Garrick Portsmouth Blue Guilloche

I was pretty much sold on Garrick from the fledgling brand’s first release. Between the pared-back design, like a minimal British take on Jaquet Droz’s Grande Seconds and the customisable aluminium dials, the first Shaftesbury ticked every aesthetic box for me. That it was the most ‘Made in Britain’ watch short of Roger Smith was also a pretty good bonus. I still want to get hold of one at some point, though it now might need to wait until I have the Portsmouth in my collection.

The Portsmouth was where Garrick really came into their own. Anchor hands reminiscent of the coastal city added a nice maritime twist to the otherwise elegant dial, and the open balance wheel gave a depth and technical feel. Altogether it was more modern British than classical.

Garrick Portsmouth Guilloche

Now comes the guilloche. Garrick is proud to the point of obsessed with their provenance, making a vast percentage of the actual parts here in the UK, something almost unheard of among British watchmakers. We just don’t have the horological infrastructure.

Yet somehow Garrick not only managed to find a guy able to do 90% of the work, but also created one of the most stereotypical – not to mention demanding – Swiss finishes. And it is truly spectacular.

Of the three prototypes available I was given the blue, easily the one I was most excited to try. In full light that blue was perhaps not quite as blue as I’d have wanted. I’m all fine with midnight, but this was black most of the time. Not that it was all bad; in low, mood lighting, you get glints off the minute ridges of metal which just looked fantastic.

Garrick Portsmouth Guilloche Hands-On

I can see why they went for such a dark colour; the bright gold balance wheel makes even more of an impact, swinging backwards and forwards at full-tilt. Another slight change was the frosted finish underneath, replacing the usual machined look. It made it plainer than usual, but with a dial as intricate as that guilloche it stopped it all being a little much to take in.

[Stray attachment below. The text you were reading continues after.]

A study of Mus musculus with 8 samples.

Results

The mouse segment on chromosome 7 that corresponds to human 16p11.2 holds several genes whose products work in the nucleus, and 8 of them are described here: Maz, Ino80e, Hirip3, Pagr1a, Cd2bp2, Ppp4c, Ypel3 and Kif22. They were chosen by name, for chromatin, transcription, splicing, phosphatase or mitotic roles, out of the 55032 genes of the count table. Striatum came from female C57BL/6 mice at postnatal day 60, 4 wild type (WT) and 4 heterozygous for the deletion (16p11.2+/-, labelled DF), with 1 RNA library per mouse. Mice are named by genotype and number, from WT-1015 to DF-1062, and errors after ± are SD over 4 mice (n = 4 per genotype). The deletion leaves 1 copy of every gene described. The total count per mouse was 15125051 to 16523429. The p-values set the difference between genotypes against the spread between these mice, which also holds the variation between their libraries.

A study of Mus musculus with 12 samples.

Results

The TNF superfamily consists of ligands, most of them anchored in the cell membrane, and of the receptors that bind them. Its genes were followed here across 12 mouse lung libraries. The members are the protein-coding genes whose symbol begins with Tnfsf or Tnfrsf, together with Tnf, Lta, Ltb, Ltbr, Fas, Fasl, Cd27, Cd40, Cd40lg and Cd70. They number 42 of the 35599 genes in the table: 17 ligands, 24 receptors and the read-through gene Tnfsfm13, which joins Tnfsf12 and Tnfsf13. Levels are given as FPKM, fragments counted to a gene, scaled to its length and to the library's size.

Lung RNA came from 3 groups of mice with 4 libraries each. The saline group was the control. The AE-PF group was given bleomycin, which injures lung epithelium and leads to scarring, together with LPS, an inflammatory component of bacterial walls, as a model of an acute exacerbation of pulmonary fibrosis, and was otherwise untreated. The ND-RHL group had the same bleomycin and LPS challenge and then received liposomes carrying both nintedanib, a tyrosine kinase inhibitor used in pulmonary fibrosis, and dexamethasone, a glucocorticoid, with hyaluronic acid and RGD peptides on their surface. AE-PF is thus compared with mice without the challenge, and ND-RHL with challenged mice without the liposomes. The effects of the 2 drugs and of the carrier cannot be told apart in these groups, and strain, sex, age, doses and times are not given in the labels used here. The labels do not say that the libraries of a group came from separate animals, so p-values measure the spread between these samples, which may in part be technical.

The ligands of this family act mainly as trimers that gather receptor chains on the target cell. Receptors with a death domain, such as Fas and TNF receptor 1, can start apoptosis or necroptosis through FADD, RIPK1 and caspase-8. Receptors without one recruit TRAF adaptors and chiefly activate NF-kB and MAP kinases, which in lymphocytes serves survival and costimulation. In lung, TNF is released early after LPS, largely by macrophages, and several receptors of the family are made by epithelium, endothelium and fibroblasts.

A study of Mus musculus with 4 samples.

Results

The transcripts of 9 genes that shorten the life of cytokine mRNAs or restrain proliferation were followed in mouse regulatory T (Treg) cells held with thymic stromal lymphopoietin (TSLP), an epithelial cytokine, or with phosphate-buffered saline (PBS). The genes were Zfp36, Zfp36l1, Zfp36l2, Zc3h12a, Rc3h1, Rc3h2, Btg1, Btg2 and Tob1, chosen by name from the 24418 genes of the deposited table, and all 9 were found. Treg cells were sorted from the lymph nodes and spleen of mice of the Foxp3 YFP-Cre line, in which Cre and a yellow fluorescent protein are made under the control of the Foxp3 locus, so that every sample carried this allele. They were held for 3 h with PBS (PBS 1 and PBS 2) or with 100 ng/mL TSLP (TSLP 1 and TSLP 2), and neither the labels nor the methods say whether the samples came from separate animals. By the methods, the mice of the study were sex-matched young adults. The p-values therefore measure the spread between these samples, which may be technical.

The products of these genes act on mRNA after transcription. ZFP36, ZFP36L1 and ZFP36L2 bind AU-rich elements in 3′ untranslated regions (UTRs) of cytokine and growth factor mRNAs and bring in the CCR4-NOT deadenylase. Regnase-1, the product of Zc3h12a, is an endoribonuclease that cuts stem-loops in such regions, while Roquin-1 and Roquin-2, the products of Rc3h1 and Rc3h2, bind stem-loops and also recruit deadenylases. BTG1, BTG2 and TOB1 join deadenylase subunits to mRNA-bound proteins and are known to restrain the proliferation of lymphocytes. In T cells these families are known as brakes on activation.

At 42mm it’s just about the right size for this style of watch. It could be a little smaller without losing anything, especially as the oversized crown adds a fair bit. Still, despite the apparent depth to the piece it fits under shirtsleeves easily enough.

The case however isn’t white gold, which you might expect from a Swiss watchmaker at this price, but steel. That might become an issue when attached to the £17,995 price tag, but that’s where you either love Garrick or not.

Garrick Portsmouth GuillocheIf you’re a collector that loves the made in Britain angle, as a fair few are, then that’s a feasible price for a fully hand-made, exquisitely-finished piece of homegrown horology. If that doesn’t interest you then nothing’s likely to justify that amount for you. Still, I don’t think Garrick will find it a problem either way; they can’t make enough of them.

What to wear: Keep things classy with some sharp, Savile Row style from a British tailor, preferably in a midnight blue to match the watch. Remember, it’s all about the fine details and finishing; this is one instance where Hackett just can’t hack it.

Where to wear: Low, directional lighting is perfect for showing off its shimmering appearance, so make sure you wear it to your favourite lounge bar, preferably with some low-key jazz in the background.

Price: £17,995; garrick.co.uk

About the author

Sam Kessler

Legend has it that Sam’s first word was ‘escapement’ and, while he might have started that legend himself, he’s been in the watch world long enough that it makes little difference. As the editor of Oracle Time, he’s our leading man for all things horological – even if he does love yellow dials to a worrying degree. Owns a Pogue; doesn’t own an Oyster Perpetual. Yet.